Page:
In this fully updated second edition, the author clearly introduces and assesses all of Freud's thought, focusing on those areas of philosophy on which Freud is acknowledged to have had a lasting impact. These include the philosophy of mind, free will and determinism, rationality, the nature of the self and subjectivity, and ethics and religion. He also considers some of the deeper issues and problems Freud engaged with, brilliantly illustrating their philosophical significance: human sexuality, the unconscious, dreams, and the theory of transference. The author's approach emphasizes the philosophical significance of Freud’s fundamental rule – to say whatever comes to mind without censorship or inhibition. This binds psychoanalysis to the philosophical exploration of self-consciousness and truthfulness, as well as opening new paths of inquiry for moral psychology and ethics.
The second edition includes a new Introduction and Conclusion. The text is revised throughout, including new sections on psychological structure and object relations and on Freud’s critique of religion and morality.
"Probably the best philosophical introduction into the central ideas and concepts of Freud’s theories and practice." - The Guardian
Praise for the first edition:
"Jonathan Lear is one of the most subtle and original thinkers in psychoanalysis. So a book by him simply called Freud should attract everyone is at all psychoanalytically minded. They will not be disappointed. This is simply the best introduction to Freud I know." - Marcia Cavell, The International Journal of Psychoanalysis
"This book will be viewed by philosophers interested in psychoanalysis as a major contribution. It will also be read and intensively discussed by many professors of literature and of intellectual history who lecture on Freud."- Richard Rorty
"If I were to answer the question: who, among contemporary psychoanalysts, is best qualified to write an introduction to Freud as a philosopher, my choice would be: Jonathan Lear." - Slavoj Žižek, University of Ljubljana, Slovenia
"Jonathan Lear succeeds brilliantly in revealing Freud’s philosophical significance … a philosophically ambitious, passionate and exciting book." - Sebastian Gardner, University College London, UK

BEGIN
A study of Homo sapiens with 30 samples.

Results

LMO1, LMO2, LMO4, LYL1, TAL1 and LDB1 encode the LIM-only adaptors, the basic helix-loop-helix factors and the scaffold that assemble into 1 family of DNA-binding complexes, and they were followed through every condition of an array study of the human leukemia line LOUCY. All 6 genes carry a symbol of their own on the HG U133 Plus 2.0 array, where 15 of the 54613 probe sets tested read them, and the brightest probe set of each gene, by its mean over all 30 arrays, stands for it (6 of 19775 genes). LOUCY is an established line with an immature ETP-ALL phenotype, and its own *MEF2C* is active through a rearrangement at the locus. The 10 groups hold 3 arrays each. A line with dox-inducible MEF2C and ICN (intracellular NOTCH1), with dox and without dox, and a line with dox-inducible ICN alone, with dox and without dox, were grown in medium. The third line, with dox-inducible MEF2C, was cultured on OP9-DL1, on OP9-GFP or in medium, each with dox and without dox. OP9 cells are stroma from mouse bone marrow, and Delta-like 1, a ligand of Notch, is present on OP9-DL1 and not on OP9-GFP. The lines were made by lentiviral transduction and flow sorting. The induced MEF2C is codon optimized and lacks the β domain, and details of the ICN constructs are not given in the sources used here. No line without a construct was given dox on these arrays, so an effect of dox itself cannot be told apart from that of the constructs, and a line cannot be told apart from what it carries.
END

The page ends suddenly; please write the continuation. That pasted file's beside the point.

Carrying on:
"Lear does very well to explain a fundamental modification in Freud's clinical work…this is definitely worthwhile for anyone wanting a serious briefing on the undoubted accomplishment on classical Freudian psychoanalysis." -Joseph Schwartz, New Humanist
"This is a lucid exegesis of Freud's conception of the mind, and a satisfying demonstration of its enduring value. Freud's loudest detractors often seem simply incapable of understanding him; they will no longer have that excuse." - Mark Solms, University of Cape Town, South Africa, and International Neuro-Psychoanalysis Centre, London, UK
"First rate - Lear captures the wider philosophical importance of Freud: how he makes us rethink our conceptions of ourselves as human beings, and the implications of this for morality and religion. A superb volume, and a terrific addition to the series." - John Cottingham, University of Reading, UK
1. Interpreting the unconscious 2. Sex, Eros and life 3. The interpretation of dreams 4. Transference 5. Principles of mental functioning 6. The structure of the psyche and the birth of object-relations 7. Morality and religion Conclusion: Freud’s Legacy.
Routledge Philosophers is a major series of introductions to the great Western philosophers. Each book places a major philosopher or thinker in historical context, explains and assesses their key arguments, and considers their legacy. Additional features include a chronology of major dates and events, chapter summaries, annotated suggestions for further reading and a glossary of technical terms.
An ideal starting point for those new to philosophy, they are also essential reading for those interested in the subject at any level.